Chancellor Rishi Sunak has unveiled an emergency jobs scheme for UK workers as the initial Covid-19 furlough system approaches its end.
Under the terms of the new Jobs Support Scheme the government and firms will continue to top up wages of workers who have not been able to return to the workplace full time due to the coronavirus.
It could see workers get up to three quarters of their normal salaries for six months.
The new scheme, part of a wider package of measures, aims to stop mass job cuts after the government introduced new measures to tackle a rise in coronavirus cases.
Nearly three million workers – or 12 per cent of the entire UK workforce – are currently on partial or full furlough leave, according to official figures.
The current furlough scheme ends on October 31st.
Mark Tanzer, chief executive of ABTA welcomed the move.
He said: “Since the start of the pandemic we have been stressing to the government the unique challenges the crisis has created for the UK travel industry and the toll it has taken on jobs and businesses.
“We welcome this announcement from the chancellor regarding ongoing salary support and renewed business support measures.
“The chancellor spoke today about the desire of people to get back to doing the things that enrich our lives, which clearly includes the ability to travel – whether for holidays, to conduct business, or to see family and friends.”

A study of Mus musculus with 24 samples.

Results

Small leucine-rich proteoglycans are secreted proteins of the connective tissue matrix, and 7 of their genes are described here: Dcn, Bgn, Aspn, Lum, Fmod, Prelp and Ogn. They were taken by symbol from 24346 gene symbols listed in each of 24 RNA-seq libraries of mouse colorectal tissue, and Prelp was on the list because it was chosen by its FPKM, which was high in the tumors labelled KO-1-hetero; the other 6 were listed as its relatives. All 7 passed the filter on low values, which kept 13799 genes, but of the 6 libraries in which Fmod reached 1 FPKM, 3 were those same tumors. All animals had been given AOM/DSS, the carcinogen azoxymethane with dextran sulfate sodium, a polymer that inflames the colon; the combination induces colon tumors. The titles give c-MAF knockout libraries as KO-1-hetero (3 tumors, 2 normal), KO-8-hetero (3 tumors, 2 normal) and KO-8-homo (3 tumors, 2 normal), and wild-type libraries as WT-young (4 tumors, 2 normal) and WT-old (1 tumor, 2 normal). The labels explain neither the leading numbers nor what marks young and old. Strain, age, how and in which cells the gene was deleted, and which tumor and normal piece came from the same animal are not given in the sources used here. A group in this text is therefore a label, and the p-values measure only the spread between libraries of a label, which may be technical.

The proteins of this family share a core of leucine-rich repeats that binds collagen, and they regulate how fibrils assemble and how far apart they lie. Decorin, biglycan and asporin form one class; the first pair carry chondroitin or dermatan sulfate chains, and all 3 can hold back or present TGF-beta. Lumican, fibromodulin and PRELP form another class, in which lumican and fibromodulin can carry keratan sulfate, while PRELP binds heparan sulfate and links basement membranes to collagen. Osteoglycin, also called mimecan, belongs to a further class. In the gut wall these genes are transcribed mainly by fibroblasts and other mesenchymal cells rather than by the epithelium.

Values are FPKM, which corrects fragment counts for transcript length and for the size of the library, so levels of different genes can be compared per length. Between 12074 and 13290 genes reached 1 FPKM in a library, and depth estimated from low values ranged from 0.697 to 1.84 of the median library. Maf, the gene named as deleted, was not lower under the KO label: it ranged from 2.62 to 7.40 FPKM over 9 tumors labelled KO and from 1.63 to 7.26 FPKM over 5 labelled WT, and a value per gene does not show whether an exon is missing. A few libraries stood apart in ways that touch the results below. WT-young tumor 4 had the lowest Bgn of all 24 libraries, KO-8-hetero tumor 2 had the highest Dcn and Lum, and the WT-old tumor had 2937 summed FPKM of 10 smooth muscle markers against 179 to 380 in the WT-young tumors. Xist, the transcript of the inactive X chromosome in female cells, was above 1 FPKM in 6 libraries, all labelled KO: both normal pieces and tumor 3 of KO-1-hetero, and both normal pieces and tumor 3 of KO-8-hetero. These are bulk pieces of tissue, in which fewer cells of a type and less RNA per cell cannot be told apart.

However, Tanzer said more could be done to help the travel sector.
“ABTA will continue to urge the government to do all it can to ensure travel businesses are supported through the crisis, and that the maximum number of jobs can be retained in our industry.
“In addition to the financial support measures outlined, we also need to see progress on the full regionalisation of the government’s quarantine policy, as well as the introduction of testing to reopen the UK’s links with countries around the world.”
Will Hawkley, UK head of leisure at KPMG, however, said dangers remain for the hospitality sector.
He added: With the ‘Eat Out to Help Out’ initiative already a distant memory, the Job Retention Scheme fast unwinding and Covid-19 re-engaging its firm grip on the nation, the leisure and tourism industry has understandably been feeling uneasy, if not left questioning its survival prospects.
“Depressed demand during the autumn and winter months – both within leisure and tourism – presents its own issue, with the addition of further social distancing restrictions amplifying the challenge.
“While the chancellor may have demonstrated that the sector’s woes have not been overlooked, most businesses are likely to conclude that the extension of the VAT cut, and the latest job support measures don’t go far enough.
“As things currently stand, those that can quickly adapt and evolve their operating models in line with the restrictions will be more successful.
“Sadly not all operators will be able to survive and further job losses will be inevitable without further government support.”
Joss Croft, chief executive of UKinbound, echoed the concerns.
He said: “Undoubtedly, today’s announcement will help many tourism businesses and safeguard jobs, which of course is incredibly welcomed, however, the desperate needs of British inbound tourism businesses, who bring international visitors to the UK and support tens of thousands of viable jobs, have once again been overlooked.
“These businesses have received no visitors since March, cannot pivot to capture domestic business, continue to be excluded from rate relief and grants and, with so few international visitors, will not benefit from the extension of the VAT reduction.
“These businesses are sustainable and will be profitable again, once international tourists can return and are no longer impeded by measures such as quarantine.”